Jayne Gordon Discusses Thoreau’s Reaction To Slavery With The Capture Of Thomas Sims In Boston After The Fugitive Slave Law Of 1850.

A hidden treasure at the Robbins House

Robbins House board member Jayne Gordon is talking to a crowd of about 20 people attending one of Freedom’s Way’s Hidden Treasures event at the house on May 13 when a sharp rap on the front door causes her to pause. Moments later Peter Robbins, aka Joe Zellner, strides into the room wearing a top hat and coat and carrying a long walking stick.

The year is 1851 and Peter, the son of a formerly enslaved Revolutionary War veteran, transports the men and women in attendance back to that time, talking about himself, his family and what is happening in the world around him. It’s more than 70 years after the Colonies won their independence from Britain, but Peter questions how men of color like himself can be independent, although not truly free.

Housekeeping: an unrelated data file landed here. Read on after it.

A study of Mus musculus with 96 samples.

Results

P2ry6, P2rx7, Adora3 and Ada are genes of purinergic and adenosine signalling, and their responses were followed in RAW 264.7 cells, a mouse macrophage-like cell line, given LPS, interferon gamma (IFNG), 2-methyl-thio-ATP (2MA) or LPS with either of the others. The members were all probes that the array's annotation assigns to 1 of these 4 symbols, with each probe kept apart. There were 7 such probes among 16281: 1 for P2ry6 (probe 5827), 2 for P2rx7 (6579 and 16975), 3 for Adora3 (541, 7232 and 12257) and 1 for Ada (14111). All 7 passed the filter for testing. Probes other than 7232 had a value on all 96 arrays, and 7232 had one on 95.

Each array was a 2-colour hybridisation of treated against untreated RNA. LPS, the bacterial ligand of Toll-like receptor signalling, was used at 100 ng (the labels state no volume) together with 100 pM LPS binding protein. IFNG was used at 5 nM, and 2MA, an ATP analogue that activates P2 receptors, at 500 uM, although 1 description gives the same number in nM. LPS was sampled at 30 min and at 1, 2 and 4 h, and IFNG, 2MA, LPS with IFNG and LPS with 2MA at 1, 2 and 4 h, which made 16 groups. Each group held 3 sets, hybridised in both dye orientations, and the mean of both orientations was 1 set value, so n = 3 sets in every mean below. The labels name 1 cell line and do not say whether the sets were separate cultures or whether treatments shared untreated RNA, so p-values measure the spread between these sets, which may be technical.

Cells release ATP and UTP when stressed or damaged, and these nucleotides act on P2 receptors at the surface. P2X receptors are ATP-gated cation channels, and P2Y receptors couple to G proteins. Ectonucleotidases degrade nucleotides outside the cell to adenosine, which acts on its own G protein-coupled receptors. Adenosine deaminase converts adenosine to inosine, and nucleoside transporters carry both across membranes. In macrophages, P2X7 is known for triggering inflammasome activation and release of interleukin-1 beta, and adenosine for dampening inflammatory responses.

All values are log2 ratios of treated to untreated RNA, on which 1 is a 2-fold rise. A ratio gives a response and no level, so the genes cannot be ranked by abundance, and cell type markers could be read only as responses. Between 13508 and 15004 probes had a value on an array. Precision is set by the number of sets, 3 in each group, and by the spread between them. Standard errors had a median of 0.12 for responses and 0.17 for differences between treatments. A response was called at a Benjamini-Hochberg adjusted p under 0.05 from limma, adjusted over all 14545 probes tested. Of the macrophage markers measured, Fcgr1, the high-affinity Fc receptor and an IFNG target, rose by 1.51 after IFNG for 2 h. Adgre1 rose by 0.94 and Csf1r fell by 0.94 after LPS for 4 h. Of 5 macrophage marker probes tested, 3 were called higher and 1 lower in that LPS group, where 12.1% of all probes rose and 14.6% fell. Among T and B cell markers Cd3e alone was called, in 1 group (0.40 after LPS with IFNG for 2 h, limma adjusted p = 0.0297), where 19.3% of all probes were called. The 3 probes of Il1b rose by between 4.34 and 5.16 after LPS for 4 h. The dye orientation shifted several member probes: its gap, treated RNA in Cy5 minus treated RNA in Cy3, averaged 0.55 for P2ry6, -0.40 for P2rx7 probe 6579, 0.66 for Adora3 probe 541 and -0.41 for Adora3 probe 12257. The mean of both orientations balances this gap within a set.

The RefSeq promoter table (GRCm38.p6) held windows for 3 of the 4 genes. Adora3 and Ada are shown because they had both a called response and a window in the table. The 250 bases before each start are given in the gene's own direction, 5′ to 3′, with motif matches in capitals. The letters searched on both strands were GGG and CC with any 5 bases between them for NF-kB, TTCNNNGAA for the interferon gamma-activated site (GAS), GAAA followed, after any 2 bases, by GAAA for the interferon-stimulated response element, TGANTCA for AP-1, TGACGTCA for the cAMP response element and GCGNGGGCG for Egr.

On the following weekend, May 20, Peter returned. Only this time, the rains held off and Peter entertained a similar crowd just outside of the Robbins House. After the reenactment, Peter returned as Joe Z. and, as he did the previous week, engaged attendees in a thoughtful discussion of past events and current attitudes.

“Peter Robbins” makes his entrance to Freedom’s Way Hidden Treasures program, “What Were They Fighting For?”

Jayne Gordon discusses Thoreau’s reaction to slavery with the capture of Thomas Sims in Boston after the Fugitive Slave Law of 1850.

Joe Zellner, Jr. practices using a pen dipped in ink to sign the Concord Children’s Petition to President Lincoln during his grandfather’s re-enactment.